A unique and successful meeting was held at MIT in Cambrige (USA) on 18/19 November 2002 to consider the coordinated implementation of high priority burning tokamak plasma research on the major world tokamaks. The leaders of these facilities (JET and ASDEX Upgrade from Europe; JT-60U from Japan; and DIII-D, C-Mod and NSTX from the U.S.) met with representatives of the Coordinating Committee of the International Tokamak Physics Activity (ITPA) and the Executive Committees of the International Energy Agency Implementing Agreements (IEA-IAs) on Cooperation Among the Large Tokamak Facilities between the EU, Japan and the US, and on the Poloidal Divertor Agreement between the EU and the US.

The ITPA Topical Physics Groups involve about 150 scientists from the EU, Japan, the Russian Federation and the US and during their meetings in October 2002 developed outline proposals for experiments on open physics issues which should be pursued in order to enhance understanding of tokamak burning plasma science for ITER. These proposals addressed issues related to plasma confinement, internal and edge transport barriers, divertor and scrape-off layer physics, MHD instabilities, disruptions and control, steady state operation, fast particles and diagnostic developments. The meeting at MIT discussed the implementation of those outline proposals which would benefit from coordinated joint experiments on the major world tokamaks and would lead to an improved predictive capability.

Significant advances are expected from conducting identity, and dimensionally similar, discharges on machines with different sizes and capabilities, from identifying the data needs for better conditioned data bases, from confirming that similar effects on different machines have the same physics basis, from establishing, characterising and determining the limitations of key operating scenarios, and from developing and transferring operational, control and analysis techniques.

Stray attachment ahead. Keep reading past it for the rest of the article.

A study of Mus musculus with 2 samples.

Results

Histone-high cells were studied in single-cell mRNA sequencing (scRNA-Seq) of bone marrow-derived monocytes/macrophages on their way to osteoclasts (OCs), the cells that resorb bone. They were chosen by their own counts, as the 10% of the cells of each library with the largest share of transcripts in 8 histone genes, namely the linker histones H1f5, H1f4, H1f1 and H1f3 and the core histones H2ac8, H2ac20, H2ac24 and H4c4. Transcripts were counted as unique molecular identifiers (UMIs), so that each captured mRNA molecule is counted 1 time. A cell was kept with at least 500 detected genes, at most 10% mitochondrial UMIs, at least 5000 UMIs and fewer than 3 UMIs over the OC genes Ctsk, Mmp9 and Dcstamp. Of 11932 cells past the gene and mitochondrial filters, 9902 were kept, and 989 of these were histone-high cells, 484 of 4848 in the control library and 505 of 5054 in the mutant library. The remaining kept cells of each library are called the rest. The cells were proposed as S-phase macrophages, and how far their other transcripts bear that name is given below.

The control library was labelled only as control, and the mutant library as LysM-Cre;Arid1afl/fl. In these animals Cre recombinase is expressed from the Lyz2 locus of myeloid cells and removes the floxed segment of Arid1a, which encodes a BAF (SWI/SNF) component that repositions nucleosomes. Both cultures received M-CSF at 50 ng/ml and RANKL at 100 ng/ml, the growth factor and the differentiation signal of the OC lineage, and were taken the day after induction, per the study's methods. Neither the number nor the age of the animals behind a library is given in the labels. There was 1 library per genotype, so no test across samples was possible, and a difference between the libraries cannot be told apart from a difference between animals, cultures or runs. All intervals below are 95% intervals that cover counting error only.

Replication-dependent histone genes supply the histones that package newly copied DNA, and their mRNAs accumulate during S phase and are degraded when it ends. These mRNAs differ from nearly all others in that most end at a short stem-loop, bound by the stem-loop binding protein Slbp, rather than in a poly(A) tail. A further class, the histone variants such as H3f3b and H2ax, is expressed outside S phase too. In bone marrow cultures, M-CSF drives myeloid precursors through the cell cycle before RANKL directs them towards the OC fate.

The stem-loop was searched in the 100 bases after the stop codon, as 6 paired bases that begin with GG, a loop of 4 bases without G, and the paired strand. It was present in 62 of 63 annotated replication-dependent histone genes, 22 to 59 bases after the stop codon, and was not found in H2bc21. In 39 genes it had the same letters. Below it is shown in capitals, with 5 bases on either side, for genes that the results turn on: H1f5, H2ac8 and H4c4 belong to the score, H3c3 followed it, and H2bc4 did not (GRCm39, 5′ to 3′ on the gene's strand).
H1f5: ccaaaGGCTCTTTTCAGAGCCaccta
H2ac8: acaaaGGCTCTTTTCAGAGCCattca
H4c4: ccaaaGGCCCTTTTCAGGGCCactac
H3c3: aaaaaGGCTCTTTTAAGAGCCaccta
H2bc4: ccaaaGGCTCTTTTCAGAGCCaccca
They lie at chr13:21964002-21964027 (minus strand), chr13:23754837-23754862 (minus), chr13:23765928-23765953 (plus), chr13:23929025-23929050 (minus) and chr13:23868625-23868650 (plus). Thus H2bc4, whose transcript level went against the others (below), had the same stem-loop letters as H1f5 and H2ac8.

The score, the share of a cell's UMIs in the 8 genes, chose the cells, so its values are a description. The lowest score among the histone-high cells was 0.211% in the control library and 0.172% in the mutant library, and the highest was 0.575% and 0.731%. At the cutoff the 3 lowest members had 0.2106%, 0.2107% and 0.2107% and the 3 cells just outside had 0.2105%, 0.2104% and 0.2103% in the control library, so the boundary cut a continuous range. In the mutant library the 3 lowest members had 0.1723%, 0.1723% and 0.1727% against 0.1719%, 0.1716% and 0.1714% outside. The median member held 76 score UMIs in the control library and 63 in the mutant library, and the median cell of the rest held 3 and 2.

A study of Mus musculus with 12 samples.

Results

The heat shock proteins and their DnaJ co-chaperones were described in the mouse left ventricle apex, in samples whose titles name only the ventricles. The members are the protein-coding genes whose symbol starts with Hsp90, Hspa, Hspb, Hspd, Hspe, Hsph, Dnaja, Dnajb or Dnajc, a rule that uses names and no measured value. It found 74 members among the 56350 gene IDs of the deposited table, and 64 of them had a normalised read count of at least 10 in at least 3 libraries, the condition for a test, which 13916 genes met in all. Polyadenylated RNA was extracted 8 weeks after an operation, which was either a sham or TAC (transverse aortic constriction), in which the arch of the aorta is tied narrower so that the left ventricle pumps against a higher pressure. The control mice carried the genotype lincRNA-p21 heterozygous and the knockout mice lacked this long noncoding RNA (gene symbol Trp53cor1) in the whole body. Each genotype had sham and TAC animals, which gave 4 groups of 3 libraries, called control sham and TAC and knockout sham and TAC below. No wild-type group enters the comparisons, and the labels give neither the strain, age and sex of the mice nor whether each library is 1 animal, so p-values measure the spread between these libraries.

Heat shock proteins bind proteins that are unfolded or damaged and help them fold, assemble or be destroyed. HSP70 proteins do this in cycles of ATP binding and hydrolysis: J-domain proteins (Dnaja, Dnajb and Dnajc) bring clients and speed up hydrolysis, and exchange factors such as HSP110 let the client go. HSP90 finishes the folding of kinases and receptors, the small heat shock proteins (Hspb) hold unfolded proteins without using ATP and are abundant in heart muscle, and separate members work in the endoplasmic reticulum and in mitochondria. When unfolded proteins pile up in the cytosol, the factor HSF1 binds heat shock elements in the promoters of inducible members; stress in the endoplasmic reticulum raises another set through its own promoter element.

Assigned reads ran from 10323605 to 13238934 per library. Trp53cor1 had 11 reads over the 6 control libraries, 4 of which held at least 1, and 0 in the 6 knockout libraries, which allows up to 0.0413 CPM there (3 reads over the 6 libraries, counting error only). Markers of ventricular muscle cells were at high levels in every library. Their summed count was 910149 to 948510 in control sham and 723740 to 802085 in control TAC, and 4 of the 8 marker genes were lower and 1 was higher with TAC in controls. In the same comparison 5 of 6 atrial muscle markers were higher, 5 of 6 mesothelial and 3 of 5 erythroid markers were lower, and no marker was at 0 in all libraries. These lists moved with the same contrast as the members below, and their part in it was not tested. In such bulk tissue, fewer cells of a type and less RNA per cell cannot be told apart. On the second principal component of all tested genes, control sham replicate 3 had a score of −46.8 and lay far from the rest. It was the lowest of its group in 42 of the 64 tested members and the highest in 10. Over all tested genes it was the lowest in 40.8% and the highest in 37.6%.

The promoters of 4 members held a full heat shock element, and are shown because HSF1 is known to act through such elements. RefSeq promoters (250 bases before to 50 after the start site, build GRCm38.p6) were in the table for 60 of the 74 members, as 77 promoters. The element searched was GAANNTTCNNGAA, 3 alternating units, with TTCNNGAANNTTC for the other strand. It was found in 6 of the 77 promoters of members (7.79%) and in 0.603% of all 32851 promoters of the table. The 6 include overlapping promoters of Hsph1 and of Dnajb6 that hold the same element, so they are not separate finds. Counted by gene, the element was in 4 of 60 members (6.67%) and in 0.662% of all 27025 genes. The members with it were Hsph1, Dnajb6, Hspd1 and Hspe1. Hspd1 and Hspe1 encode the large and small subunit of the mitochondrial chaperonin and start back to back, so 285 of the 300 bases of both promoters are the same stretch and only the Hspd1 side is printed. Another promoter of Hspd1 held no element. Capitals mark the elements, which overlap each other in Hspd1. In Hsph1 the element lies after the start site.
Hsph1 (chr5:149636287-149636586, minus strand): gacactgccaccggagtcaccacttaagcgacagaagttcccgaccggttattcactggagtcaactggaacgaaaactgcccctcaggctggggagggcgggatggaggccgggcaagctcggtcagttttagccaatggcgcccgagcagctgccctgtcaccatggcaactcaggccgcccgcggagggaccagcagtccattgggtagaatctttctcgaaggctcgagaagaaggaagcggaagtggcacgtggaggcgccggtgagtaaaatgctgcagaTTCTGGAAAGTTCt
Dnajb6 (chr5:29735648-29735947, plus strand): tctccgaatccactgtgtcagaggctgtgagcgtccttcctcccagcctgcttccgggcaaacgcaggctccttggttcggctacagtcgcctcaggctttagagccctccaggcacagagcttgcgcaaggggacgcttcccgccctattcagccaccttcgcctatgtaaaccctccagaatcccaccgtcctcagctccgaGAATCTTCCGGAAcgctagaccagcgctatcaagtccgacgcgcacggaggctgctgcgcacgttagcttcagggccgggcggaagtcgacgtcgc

Unstable distortions of the shape of the plasma/magnetic field system.

About 40 such proposals were discussed. The tokamak leaders indicated their interest in considering for 2003 eleven proposals which were well-developed for two or more tokamaks and another sixteen if they could be developed sufficiently for the programme planning meetings which the major tokamaks were holding in December 2002. The remaining proposals were considered to be on-going programmatic activities that did not yet require joint experiments. The consolidated set of coordinated experiments on the major tokamaks during 2003 should be finalised in the middle of January 2003. The implementation of these proposals will require personnel and some hardware exchanges and these will be carried out under the legal framework provided by the existing IEA-IAs on tokamaks.

The meeting proved to be a very productive opportunity for enhanced communication among the leaders of the major world tokamaks, the leaders of the ITPA, and members of the Executive Committees of the IEA-IAs. The discussions and implementation of coordinated joint experiments will add significant value to the experiments on the individual facilities, enhance progress on tokamak burning plasma physics issues and contribute to the success of future burning plasma experiments such as ITER.